Hungry Eyes

Jason Keen, Tyler Gustafson and Ross McCann blast through bear grass on the Beetop-Roundtop Trail in northern Idaho.

Hungry Eyes A Singletrack Feast in the Idaho Panhandle

When the eyes of a small-town bike mechanic light up and then go far off and dreamy when talking about a local trail, you listen.

Brian Anderson at Greasy Fingers Bikes N Repair, in Sandpoint, Idaho, is pointing at a collection of pins on a wall mounted map of north Idaho. In Brian’s parlance, there are two types of worthwhile trails: bitchin’ and super bitchin’. The pins clustered around Canuck Pass, near the Canadian border, highlight a trail that falls into the latter category.

Sandpoint is a timber-and-tourist town on the shore of Lake Pend Oreille, one of few communities of any size in the so called Idaho Panhandle. Squeezed between Washington and Montana, bounded by the Selkirk Mountains to the west and the Purcells and Cabinets to the east, the Panhandle has always acted as an antenna for folks looking to escape civilization. It’s a good place to get lost.

Looking for a quick dose of alpine riding close to my home in Spokane, some 90 minutes from Sandpoint, I had zeroed in on the Panhandle. The trails here had been on my radar for years, but, as backyard trails tend to be, they were always bypassed in favor of the famed Kootenays immediately across the border in British Columbia.

The Kootenay River turns to the Kootenai when it crosses the border, and with that one-letter swap comes a change in the character of the mountain ranges surrounding it. Ranges that push past 9,000 feet up north barely scrape 7,000 down south. In the same way, the world-class Kootenays riding morphs into something diff erent here—more horizontal than vertical, more about exploration than adrenaline.

But an extensive system of ridge-running trails looked like it had potential, and the area’s proximity to home allowed a group of six of us to come and go as work and life schedules permitted.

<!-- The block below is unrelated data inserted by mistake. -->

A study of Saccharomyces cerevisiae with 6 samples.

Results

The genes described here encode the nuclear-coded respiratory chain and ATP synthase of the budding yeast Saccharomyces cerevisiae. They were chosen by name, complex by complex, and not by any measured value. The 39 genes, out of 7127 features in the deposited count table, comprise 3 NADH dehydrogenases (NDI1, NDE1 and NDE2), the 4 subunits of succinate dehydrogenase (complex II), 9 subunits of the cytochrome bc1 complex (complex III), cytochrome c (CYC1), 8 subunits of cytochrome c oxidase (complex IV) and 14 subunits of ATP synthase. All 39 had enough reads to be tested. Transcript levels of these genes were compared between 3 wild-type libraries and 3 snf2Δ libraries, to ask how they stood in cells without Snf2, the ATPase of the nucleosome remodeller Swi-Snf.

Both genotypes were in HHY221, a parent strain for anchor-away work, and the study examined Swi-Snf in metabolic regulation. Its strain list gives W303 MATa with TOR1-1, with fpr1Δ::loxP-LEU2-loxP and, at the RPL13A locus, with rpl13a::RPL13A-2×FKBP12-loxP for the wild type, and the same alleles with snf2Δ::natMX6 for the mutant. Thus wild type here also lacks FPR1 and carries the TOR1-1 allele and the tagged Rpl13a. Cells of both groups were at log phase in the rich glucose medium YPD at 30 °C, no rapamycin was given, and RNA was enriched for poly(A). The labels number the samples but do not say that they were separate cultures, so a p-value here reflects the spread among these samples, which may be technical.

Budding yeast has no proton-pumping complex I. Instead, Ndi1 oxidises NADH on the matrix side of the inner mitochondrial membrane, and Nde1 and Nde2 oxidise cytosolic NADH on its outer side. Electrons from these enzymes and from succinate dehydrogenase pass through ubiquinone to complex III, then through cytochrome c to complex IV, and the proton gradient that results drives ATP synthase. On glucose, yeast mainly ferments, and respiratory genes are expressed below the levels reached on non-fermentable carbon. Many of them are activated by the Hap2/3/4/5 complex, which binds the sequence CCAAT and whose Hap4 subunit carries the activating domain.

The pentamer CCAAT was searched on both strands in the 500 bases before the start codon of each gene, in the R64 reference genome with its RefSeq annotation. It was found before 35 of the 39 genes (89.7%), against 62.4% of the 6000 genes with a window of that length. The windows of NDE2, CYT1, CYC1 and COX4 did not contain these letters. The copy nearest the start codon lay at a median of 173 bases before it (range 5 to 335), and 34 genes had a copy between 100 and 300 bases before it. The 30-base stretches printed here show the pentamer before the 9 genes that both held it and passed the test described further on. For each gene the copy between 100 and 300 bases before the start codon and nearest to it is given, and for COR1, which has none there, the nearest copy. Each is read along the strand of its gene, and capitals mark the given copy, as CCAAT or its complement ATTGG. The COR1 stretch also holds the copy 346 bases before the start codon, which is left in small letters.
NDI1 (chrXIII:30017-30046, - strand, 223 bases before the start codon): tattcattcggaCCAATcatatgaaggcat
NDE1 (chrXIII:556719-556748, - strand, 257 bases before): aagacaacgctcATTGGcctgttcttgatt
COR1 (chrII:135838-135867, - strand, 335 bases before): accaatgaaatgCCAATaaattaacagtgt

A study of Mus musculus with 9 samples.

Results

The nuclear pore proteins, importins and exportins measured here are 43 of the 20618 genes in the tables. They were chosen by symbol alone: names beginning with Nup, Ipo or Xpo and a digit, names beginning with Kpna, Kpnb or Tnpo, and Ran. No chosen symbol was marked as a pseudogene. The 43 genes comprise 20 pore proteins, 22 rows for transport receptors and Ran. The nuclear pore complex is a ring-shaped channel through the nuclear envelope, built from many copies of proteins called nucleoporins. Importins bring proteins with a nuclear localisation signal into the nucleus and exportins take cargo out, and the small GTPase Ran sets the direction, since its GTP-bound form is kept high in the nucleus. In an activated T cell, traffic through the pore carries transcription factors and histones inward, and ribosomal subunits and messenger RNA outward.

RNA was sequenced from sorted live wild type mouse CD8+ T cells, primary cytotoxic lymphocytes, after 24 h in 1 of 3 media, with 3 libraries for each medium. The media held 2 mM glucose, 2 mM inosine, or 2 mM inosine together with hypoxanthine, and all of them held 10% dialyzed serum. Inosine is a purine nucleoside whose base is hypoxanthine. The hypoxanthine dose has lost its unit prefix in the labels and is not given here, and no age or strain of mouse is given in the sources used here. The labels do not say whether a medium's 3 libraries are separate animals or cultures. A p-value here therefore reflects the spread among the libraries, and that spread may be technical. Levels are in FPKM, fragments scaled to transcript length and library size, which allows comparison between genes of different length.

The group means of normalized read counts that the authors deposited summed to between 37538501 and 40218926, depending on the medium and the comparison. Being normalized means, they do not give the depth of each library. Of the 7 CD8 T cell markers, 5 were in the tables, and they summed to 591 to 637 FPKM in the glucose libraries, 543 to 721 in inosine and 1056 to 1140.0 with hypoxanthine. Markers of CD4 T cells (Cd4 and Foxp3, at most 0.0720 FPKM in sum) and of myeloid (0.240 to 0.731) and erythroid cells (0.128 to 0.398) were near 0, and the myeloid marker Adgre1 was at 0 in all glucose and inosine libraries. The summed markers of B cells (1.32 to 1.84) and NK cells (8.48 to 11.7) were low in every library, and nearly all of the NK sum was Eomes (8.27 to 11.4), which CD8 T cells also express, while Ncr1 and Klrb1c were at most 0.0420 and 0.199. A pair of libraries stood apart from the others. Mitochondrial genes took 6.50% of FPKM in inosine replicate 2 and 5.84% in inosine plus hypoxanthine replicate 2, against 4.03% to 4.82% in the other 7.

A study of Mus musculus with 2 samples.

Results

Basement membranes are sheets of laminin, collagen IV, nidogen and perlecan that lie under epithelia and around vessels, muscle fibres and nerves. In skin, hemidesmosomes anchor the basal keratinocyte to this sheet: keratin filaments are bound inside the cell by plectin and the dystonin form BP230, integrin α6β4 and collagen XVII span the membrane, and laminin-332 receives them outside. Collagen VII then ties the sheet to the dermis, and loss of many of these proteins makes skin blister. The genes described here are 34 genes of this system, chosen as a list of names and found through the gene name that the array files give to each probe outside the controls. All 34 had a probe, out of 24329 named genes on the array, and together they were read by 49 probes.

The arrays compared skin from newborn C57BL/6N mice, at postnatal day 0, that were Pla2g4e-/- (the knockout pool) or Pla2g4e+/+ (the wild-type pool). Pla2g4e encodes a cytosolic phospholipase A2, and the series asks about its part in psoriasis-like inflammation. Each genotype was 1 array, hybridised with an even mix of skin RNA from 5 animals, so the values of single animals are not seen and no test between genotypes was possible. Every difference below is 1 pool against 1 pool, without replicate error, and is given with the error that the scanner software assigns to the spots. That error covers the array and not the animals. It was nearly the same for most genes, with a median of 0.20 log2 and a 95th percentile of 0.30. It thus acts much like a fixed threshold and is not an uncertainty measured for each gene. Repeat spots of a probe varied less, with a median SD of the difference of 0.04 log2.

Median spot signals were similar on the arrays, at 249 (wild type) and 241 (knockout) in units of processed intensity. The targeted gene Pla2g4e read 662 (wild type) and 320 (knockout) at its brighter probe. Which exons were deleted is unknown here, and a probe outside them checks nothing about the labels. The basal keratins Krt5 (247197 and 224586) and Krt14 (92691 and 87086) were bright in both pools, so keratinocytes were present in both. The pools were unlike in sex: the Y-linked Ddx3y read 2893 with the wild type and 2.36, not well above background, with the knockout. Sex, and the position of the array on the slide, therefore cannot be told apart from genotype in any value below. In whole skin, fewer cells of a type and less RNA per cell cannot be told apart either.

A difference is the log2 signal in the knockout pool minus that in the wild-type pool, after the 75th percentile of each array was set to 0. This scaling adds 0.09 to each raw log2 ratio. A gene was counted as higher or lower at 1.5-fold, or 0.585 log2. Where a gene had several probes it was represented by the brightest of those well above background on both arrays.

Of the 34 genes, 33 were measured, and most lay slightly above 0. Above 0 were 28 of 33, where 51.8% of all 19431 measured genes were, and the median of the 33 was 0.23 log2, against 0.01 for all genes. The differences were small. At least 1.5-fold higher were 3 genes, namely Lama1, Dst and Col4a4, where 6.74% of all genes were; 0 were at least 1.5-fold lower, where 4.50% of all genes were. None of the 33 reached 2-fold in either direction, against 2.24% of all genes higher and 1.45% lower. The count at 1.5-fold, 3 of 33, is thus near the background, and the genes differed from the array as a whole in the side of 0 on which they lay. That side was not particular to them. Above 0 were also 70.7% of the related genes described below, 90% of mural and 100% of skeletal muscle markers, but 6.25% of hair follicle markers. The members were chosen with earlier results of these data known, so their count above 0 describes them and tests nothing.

Pointing at the trails off Canuck Pass, Anderson told me the Forest Service had been putting in work to make their backcountry trails a little more friendly to bikes—cleaning up tread, opening up switchbacks, widening exceedingly narrow sections. The eff ort was partly in response to the loss of access to a handful of classic rides that crossed wilderness study areas, and partly an outgrowth of passionate locals such as Anderson.

The effort was immediately apparent on Ruby Ridge. Having camped at the pass, we’d already sampled the riding on an out-and-back along Keno Ridge—thick subalpine forest interspersed with pocket meadows, all prime grizzly habitat, as Forest Service signs warned us regularly. But despite Anderson’s stamp of “super-bitchin’” approval, Ruby Ridge exceeded our expectations. Over the course of 4,000 vertical feet of shredding loam and surfing scree shards that pinged off our downtubes, our yells of “Heyyyoooo!” served both as our own stamp of approval and as grizzly bear deterrents.

A handful of long, shuttle-able descents off a paved mountain road with amazing views? We couldn’t believe our luck.

The Panhandle rarely rewards riders this easily though, as we discovered the next day on the Beetop-Roundtop trail, east of Lake Pend Oreille.

On paper it looked like a mellow ridge run tightly hugging the topo map’s 6,000-foot elevation line. On the ground, it was another matter entirely.

On a trail narrow enough that the pins in our pedals acted like hedge trimmers, we pinballed our way down steep sidehill descents and shouldered our bikes across slide paths of exfoliated bedrock, laughing as we kept a running tally of who’d taken a slow-speed tumble down the mountainside.

“Everything on this trail seems to want to reach out and grab you,” shouted one of my group as he clipped a pedal on a rock obscured under a tuft of bear grass. I didn’t tell him Anderson had warned me of just that in his merely bitchin’ assessment of the trail.

As we dozed on the rocky summit of Roundtop though, looking over the nearly 70-mile-long Lake Pend Oreille more than 4,000 vertical feet below, I saw on my riding buddies the same expression that Anderson had shown. I realized that, even if it doesn’t come easily, sometimes your eyes can get that far-off look while staying close to home.